Marijuana is one of the most popular illegal drugs used today. It is a plant, technically a weed, that grows in moist climates. Users dry the “fruits” of the plant and then smoke them in various different ways such as rolling them like cigarettes, putting them in pipes, or using what is called a “bong”, a long tube filled with water at one end. While many people think that marijuana is fairly harmless, it is highly addictive and is know what’s called a “gateway drug”.
This means that by using or even experimenting with it, the desire to try more harsh drugs can become reality, and often it leads people to using the harder drugs in the long run. While a lot of people think that marijuana is fairly harmless, it does have serious effects on the body and mind. The drug can cause people to feel anxious, slow down reaction times, and has even been known to cause depression in some people. In addition, marijuana when smoked produces a thick resin which is inhaled into the lungs. This residue can cause serious lung damage and is thought to be more dangerous than cigarette smoke by many doctors.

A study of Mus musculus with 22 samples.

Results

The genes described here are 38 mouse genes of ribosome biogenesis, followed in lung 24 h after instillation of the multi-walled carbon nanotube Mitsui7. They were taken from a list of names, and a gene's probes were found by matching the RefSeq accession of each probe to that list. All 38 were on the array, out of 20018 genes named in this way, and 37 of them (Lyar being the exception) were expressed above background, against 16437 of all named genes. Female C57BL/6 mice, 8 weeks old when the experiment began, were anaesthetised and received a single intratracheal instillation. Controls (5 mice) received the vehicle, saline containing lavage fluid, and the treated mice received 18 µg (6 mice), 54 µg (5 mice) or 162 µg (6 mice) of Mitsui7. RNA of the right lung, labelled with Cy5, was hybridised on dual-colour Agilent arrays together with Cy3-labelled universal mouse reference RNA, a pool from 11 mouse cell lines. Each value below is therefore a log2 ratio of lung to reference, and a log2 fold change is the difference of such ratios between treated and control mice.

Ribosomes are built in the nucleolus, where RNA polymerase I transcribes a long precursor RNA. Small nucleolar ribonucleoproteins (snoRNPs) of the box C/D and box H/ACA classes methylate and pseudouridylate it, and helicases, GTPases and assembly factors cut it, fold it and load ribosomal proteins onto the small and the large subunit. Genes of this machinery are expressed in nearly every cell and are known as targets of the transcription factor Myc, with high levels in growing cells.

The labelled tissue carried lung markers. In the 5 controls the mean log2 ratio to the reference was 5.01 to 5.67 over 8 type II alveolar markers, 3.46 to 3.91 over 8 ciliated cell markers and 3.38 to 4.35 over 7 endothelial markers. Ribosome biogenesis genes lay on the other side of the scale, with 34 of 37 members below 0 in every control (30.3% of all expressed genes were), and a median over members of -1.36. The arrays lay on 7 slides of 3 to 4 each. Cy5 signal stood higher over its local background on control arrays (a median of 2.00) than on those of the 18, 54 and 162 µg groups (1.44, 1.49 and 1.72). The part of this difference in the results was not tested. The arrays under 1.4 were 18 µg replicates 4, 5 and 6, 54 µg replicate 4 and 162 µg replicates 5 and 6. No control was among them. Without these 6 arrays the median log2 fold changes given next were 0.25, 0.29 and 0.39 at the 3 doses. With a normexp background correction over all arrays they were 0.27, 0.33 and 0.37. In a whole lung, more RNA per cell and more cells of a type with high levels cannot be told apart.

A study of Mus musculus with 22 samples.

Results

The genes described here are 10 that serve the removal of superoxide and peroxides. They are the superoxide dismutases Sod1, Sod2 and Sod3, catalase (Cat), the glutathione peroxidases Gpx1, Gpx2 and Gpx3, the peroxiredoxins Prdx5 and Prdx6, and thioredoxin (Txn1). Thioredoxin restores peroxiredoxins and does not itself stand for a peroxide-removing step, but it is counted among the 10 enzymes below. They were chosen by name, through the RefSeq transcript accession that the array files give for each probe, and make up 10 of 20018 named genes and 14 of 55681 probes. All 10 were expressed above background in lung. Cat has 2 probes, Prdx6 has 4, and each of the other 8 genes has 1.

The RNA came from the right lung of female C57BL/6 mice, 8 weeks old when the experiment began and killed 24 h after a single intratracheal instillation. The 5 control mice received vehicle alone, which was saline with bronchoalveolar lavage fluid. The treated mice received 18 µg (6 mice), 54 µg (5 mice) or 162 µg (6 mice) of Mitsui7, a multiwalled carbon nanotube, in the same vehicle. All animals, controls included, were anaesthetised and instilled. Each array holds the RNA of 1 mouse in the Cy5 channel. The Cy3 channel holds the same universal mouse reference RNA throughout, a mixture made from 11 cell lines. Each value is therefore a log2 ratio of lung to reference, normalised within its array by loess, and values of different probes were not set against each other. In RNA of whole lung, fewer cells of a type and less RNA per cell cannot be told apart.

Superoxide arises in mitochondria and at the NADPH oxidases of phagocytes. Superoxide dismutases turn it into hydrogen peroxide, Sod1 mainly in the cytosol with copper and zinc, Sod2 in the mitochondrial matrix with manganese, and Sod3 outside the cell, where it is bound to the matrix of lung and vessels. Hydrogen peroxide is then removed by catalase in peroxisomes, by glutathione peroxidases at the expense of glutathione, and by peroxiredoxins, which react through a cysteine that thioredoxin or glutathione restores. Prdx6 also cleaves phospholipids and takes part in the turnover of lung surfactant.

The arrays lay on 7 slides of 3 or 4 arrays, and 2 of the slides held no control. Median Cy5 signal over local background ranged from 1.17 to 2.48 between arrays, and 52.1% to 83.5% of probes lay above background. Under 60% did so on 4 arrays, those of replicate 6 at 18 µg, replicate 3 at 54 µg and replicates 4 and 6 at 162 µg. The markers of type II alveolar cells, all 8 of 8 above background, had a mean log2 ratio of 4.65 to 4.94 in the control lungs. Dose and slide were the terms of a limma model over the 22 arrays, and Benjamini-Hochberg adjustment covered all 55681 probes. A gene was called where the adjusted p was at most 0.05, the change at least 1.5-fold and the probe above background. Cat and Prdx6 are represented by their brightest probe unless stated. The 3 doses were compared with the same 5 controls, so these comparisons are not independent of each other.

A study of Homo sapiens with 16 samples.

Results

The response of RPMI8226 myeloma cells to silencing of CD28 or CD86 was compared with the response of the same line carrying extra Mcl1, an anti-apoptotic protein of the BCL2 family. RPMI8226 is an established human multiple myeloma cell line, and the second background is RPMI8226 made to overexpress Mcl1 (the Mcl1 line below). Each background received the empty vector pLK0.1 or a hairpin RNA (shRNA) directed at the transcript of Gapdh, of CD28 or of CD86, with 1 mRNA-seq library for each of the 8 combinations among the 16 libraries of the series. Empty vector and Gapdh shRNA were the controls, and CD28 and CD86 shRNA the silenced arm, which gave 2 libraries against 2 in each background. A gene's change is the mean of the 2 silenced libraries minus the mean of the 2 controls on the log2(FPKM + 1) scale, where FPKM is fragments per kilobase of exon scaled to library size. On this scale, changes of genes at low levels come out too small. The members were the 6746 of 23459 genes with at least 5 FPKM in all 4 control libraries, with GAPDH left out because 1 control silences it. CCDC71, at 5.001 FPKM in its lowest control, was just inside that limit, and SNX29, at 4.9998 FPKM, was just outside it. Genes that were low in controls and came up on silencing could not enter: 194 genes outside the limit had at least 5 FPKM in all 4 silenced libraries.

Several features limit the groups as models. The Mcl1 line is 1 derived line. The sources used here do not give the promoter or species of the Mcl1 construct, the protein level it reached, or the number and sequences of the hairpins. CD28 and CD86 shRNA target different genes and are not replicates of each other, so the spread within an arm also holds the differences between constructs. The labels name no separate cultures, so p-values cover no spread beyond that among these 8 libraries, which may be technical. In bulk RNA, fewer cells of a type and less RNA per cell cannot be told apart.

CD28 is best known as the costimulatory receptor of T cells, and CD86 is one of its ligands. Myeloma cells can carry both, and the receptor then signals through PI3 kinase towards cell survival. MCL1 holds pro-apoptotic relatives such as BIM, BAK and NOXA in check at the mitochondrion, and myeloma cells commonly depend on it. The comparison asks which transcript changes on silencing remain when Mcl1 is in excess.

Of course, the debate on whether or not marijuana should be used for medicinal purposes rages on. Many feel that using marijuana for the treatment of afflictions such as chronic pain or glaucoma is harmless, and that it is beneficial for sufferers of those things. Technically the drug is still illegal, but many states are looking into passing legislature that would allow doctors to prescribe marijuana strictly for medicinal use. Millions of people smoke marijuana. A study conducted in 2001 found that about 2.6 new users were documented to use the drug. The chemical in marijuana called THC is what gives users the feeling of being high. However, THC has serious effects on the brain, heart, and lung’s ability to function. In addition, marijuana has social implications for users as well. Several studies have shown that marijuana users tend to lose their jobs more often, have a difficult time in relationships, and become less likely to graduate either high school or college.
Disclaimer: Cliff Schaffer does not personally endorse or support any of the comments made within the writings of this article.